Some ways Tumblr is different from the rest of the Internet

Tumblr is a big conversation. Or, more accurately, a whole lot of different and overlapping conversations. It’s different from platforms like Blogger or Wordpress in that regard.

Following someone’s personal Tumblr usually means you’re trying to join their conversation. It’s more personal and interactive than subscribing to an RSS feed or following someone on Blogger or Wordpress. Doing that when they don’t want you to is invasive. 

It can be confusing to sort out what’s what sometimes. Reblogging something enters a conversation, and it can bring a lot of people into the conversation who the original poster hadn’t intended to talk to. Sometimes this is ok, and sometimes it isn’t.

Sometimes reblogging something can attract a pile of angry people to attack someone. Sometimes it can attract a pile of angry people who don’t understand what the OP meant and don’t want to.

When someone appears not to want to talk to you, it’s usually better to stop reblogging their posts and start your own posts instead.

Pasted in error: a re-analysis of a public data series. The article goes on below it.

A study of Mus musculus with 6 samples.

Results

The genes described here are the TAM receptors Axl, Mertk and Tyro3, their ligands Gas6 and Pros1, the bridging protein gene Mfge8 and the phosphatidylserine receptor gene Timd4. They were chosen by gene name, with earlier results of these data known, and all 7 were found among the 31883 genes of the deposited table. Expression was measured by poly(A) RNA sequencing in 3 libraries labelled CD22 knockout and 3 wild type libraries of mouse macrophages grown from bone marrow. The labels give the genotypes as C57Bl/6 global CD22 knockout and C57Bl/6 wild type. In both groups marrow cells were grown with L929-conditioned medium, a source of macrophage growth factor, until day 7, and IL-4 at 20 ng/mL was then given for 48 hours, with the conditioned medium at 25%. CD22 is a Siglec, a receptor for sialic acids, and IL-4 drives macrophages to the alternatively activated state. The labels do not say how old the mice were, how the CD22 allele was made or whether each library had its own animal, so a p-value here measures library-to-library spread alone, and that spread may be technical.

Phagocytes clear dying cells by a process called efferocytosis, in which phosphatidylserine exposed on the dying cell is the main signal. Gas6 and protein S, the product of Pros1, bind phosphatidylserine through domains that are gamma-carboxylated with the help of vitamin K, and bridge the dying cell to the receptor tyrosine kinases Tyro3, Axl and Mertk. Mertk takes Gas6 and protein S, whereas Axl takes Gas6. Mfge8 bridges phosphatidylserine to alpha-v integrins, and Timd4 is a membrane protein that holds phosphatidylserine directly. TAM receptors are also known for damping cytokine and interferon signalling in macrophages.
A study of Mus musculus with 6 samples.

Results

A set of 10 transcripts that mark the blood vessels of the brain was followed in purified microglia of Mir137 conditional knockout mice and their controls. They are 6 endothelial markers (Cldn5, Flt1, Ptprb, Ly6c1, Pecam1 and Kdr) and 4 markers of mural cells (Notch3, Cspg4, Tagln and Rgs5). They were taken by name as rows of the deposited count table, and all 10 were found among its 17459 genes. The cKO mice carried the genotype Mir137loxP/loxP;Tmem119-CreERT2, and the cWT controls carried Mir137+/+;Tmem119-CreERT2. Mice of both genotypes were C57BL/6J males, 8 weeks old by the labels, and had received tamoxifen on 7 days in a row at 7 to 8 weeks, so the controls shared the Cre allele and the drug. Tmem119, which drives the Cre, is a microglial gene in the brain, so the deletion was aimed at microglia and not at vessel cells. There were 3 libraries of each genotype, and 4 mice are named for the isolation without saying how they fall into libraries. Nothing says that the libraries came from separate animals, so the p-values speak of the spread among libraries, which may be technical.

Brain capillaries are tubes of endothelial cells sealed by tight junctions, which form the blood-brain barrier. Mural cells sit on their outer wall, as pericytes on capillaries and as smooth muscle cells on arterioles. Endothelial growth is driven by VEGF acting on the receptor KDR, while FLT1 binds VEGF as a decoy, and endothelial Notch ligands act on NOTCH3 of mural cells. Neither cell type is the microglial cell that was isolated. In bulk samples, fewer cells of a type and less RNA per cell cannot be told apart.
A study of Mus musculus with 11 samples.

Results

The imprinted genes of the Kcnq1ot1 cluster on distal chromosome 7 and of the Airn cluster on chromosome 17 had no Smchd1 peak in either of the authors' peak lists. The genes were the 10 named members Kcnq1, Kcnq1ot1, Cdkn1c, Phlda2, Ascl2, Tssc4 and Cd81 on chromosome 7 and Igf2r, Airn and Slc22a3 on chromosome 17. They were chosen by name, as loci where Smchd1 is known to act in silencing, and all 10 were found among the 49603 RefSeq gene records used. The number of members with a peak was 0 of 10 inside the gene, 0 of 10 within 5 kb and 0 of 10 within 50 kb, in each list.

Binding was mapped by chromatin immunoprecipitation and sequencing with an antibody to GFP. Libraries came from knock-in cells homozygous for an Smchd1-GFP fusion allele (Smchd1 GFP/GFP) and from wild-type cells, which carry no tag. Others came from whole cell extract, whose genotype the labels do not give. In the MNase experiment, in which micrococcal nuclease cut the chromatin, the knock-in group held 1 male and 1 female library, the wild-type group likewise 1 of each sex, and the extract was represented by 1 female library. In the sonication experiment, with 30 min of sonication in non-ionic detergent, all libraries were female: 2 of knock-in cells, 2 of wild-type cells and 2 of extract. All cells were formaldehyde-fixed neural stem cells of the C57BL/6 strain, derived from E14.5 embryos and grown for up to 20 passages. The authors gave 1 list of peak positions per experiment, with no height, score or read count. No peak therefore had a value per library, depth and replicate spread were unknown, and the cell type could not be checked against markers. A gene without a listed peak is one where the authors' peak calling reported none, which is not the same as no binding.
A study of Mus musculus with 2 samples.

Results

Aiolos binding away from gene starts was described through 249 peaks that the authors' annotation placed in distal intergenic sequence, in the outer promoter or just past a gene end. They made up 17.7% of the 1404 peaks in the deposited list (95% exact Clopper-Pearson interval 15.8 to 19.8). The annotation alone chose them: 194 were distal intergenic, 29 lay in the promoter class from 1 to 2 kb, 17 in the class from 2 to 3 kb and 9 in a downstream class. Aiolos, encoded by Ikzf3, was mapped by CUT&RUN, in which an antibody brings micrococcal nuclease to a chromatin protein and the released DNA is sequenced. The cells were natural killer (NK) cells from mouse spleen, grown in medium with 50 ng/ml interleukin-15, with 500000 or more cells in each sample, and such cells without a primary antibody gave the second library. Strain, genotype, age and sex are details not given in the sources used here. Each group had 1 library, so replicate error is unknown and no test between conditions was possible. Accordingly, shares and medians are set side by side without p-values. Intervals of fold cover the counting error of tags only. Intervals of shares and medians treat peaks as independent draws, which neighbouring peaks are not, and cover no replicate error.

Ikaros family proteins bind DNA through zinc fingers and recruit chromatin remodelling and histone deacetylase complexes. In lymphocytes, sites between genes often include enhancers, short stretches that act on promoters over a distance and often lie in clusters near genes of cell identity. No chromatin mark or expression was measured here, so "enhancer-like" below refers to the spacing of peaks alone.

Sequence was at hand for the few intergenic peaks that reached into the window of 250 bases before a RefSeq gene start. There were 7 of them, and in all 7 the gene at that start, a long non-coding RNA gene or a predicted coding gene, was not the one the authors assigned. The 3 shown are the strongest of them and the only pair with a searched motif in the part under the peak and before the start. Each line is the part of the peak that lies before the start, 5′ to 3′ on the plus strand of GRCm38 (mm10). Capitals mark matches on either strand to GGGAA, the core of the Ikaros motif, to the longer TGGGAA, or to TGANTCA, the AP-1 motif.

When you don’t want to talk to someone, it’s a good idea to block them. That won’t stop them from reading what you say, but it will mean they can’t message you and you won’t see them. That can make it possible not to get sucked in.

All of this is public in some sense – but it’s not public in the sense that a newspaper is public. It’s public in the sense that having a conversation while walking down the street is public. In that, it’s not ok to follow people around or join their conversation if not invited to do so. But people don’t have a resonable expectation of secrecy, either.

Some Tumblrs are really public. This one, for instance. I’m talking to anyone who wants to listen. But when people aren’t, it’s best to leave them alone.